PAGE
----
Why are advertisers boycotting Facebook?


Who started the boycott?

Two weeks ago, a group of civil rights organizations including the Anti-Defamation League, the NAACP, and Color of Change called on businesses to “hit pause on hate” and not advertise on Facebook in July. By the 30th of June, there are already 90 brands that have participated in the boycott.

Why is Facebook targeted?

Facebook has always been criticized for being insensitive to racist and hateful content for years. In 2017, Facebook let hate speech regarding Rohingya Muslims in Myanmar to spread across the platform; in 2019, the infamous mosque shootings in Christchurch, New Zealand was being livestreamed on the platform but Facebook only reacted to the incident after two months, which is seen as too slow on making a response. As holding racial justice is seen to be the responsibility of social media giants like Facebook, the platform should be more sensitive and proactive in stopping racial activities to bring positive influence to the world. Therefore, advertisers are now “punishing” Facebook and hoping to see significant changes to be made.

Who else joined the boycott?

Because the main revenue stream for Facebook came from advertising, stopping the advertisement could hurt the platform. In fact, Facebook’s shares plunged by 8%, losing $50 billion in market value when the market opened on the 30th of June 2020. So, are you curious about which brands joined the boycott and how much is Facebook losing?

  1. Coca-Cola, $22.1 million
  2. Ford, $20 million
  3. Hershey’s, $36.5 million
  4. Microsoft, $115.9 million
  5. Starbucks, $94.9 million

What changes do advertisers hope to see?

The Stop Hate for Profit campaign outlines 10 steps it wants Facebook to take to better address hate speech on its platform.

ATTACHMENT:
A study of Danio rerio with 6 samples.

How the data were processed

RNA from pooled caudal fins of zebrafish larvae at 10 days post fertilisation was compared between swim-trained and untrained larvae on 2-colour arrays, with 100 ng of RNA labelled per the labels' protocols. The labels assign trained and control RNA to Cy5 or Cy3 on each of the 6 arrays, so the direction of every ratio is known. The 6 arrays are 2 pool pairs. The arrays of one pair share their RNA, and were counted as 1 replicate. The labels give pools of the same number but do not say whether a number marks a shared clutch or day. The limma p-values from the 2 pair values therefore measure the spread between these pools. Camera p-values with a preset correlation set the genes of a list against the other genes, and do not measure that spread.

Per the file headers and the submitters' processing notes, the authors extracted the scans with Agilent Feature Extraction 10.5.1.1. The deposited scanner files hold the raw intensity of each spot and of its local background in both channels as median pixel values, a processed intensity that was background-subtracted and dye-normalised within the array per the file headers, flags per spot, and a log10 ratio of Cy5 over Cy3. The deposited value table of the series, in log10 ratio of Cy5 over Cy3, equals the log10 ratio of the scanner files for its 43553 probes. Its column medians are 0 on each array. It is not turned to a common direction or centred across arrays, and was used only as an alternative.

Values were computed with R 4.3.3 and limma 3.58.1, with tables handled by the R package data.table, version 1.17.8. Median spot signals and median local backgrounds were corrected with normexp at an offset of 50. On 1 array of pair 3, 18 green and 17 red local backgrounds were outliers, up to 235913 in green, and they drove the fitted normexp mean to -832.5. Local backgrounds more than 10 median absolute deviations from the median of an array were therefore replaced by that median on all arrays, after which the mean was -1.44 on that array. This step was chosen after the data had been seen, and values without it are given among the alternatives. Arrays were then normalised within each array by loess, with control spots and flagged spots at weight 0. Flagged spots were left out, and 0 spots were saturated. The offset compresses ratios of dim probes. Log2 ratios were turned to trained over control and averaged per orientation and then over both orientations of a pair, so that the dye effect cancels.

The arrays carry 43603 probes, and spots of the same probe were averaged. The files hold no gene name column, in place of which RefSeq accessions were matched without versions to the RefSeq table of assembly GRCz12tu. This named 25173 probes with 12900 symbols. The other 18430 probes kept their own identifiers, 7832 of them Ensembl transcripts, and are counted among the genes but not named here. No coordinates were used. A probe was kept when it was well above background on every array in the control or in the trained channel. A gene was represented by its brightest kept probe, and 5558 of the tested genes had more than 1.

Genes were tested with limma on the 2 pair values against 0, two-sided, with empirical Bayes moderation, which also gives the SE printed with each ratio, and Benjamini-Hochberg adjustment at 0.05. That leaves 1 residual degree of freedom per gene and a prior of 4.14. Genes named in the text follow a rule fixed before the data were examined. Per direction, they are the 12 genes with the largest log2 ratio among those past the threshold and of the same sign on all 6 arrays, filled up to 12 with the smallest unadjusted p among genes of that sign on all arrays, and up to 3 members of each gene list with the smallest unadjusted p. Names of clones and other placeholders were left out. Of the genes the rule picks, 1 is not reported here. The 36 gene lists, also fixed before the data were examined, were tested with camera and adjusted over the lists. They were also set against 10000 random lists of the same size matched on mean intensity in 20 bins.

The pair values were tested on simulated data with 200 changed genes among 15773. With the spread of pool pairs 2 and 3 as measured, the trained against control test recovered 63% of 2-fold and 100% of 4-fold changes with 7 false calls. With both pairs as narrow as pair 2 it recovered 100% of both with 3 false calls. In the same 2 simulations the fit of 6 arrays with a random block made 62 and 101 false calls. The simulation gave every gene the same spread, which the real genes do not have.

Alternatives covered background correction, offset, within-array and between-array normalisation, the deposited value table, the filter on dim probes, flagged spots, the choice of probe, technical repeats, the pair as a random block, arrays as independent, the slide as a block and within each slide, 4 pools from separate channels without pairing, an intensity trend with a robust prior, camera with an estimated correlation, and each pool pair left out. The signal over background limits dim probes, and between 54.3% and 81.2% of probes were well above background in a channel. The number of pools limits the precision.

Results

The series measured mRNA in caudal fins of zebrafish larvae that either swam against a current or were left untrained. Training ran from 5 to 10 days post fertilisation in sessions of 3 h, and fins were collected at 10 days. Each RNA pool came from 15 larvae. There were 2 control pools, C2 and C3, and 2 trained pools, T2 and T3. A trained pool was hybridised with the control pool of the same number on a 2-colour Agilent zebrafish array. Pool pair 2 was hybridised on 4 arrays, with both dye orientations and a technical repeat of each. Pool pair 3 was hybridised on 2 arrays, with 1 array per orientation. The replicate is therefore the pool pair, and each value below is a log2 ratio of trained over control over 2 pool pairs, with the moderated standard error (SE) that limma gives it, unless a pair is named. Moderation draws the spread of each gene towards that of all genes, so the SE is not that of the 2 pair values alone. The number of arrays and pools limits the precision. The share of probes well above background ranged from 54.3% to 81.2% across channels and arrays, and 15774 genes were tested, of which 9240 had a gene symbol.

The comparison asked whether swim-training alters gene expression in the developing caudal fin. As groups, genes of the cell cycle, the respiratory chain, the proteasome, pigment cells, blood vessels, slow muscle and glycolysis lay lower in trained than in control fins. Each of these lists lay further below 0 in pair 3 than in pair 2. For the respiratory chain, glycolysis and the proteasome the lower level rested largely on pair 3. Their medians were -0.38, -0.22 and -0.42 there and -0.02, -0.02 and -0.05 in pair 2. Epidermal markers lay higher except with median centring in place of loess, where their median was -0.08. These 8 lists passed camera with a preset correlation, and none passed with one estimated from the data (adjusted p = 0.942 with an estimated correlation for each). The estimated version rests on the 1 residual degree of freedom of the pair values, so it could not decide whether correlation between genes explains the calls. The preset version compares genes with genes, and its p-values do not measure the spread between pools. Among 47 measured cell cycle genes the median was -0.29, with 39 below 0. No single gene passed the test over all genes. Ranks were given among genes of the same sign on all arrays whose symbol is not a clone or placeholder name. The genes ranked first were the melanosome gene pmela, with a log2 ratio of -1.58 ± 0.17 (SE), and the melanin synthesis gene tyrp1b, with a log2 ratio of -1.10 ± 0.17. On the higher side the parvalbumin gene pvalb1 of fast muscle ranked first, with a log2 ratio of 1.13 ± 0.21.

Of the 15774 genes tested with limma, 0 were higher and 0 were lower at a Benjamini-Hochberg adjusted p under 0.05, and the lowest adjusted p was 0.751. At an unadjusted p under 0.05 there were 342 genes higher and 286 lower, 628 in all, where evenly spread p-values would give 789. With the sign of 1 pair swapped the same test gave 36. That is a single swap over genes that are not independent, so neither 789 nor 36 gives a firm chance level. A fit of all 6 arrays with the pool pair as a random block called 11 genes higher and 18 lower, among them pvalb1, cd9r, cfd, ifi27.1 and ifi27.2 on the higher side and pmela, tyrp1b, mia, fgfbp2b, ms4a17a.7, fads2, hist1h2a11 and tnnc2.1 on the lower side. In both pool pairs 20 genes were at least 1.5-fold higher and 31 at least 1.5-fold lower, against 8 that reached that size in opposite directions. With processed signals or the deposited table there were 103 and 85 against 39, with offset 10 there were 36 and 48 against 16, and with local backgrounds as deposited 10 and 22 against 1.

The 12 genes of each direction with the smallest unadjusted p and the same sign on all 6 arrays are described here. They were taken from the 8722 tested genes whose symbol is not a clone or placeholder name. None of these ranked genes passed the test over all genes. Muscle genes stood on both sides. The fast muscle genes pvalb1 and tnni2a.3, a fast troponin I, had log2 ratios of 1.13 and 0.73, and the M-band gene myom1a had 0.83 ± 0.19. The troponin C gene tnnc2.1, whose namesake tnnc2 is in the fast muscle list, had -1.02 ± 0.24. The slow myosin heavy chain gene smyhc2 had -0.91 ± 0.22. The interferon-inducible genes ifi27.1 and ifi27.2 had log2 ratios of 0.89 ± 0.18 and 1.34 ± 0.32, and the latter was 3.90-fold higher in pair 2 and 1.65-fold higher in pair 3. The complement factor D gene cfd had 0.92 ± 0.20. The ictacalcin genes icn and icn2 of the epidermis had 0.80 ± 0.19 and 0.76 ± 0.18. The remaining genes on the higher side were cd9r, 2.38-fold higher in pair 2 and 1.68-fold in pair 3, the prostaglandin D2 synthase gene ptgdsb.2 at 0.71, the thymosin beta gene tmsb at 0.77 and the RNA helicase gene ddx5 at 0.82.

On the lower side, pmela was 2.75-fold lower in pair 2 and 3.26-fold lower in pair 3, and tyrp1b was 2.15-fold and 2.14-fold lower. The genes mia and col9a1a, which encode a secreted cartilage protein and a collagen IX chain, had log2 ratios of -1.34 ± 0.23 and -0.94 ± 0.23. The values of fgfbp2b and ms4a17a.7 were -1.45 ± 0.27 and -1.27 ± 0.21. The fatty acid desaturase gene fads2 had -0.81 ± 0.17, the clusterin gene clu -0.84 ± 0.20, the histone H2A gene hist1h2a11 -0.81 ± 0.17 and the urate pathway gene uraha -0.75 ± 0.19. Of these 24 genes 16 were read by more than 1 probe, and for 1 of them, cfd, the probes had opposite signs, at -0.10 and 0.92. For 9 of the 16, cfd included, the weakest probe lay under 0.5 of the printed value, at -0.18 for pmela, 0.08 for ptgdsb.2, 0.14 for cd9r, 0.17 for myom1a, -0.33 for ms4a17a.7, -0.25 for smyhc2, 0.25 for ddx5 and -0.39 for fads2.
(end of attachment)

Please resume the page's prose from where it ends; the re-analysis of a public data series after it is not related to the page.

1. Hiring a C-suite-level executive with a civil rights background who will review the company’s products and rules for discrimination, bias and hate.
  2. Participating in a regular audit by an independent third-party about identity-based misinformation and hate. The results would be published online.
  3. Notifying businesses if their ads are shown next to content Facebook pulled down that violated its rules and give them a refund.
  4. Finding and removing Facebook groups on white supremacy, militia, antisemitism, violent conspiracies, Holocaust denialism, vaccine misinformation and climate denialism. 
  5. Adopting policy changes to help combat hateful content.
  6. Stop recommending or amplifying groups or content with ties to hate, misinformation or conspiracies to users.
  7. Creating a way to automatically flag hateful content in private groups for human review.
  8. Stop exempting politicians from fact-checking, removing misinformation about voting and prohibiting calls to violence from politicians. (Facebook says that it will remove content that suppresses voting and incites violence including from politicians, but critics have disagreed with how the company interprets its rules.)
  9. Creating expert teams to review identity-based hateful content and harassment. 
  10. Allowing people facing severe hate or harassment to talk to a Facebook employee.

What are your thoughts about the boycott? What else do you think that Facebook can do better? If you have enjoyed reading our articles, subscribe to our email newsletter and never miss out anymore!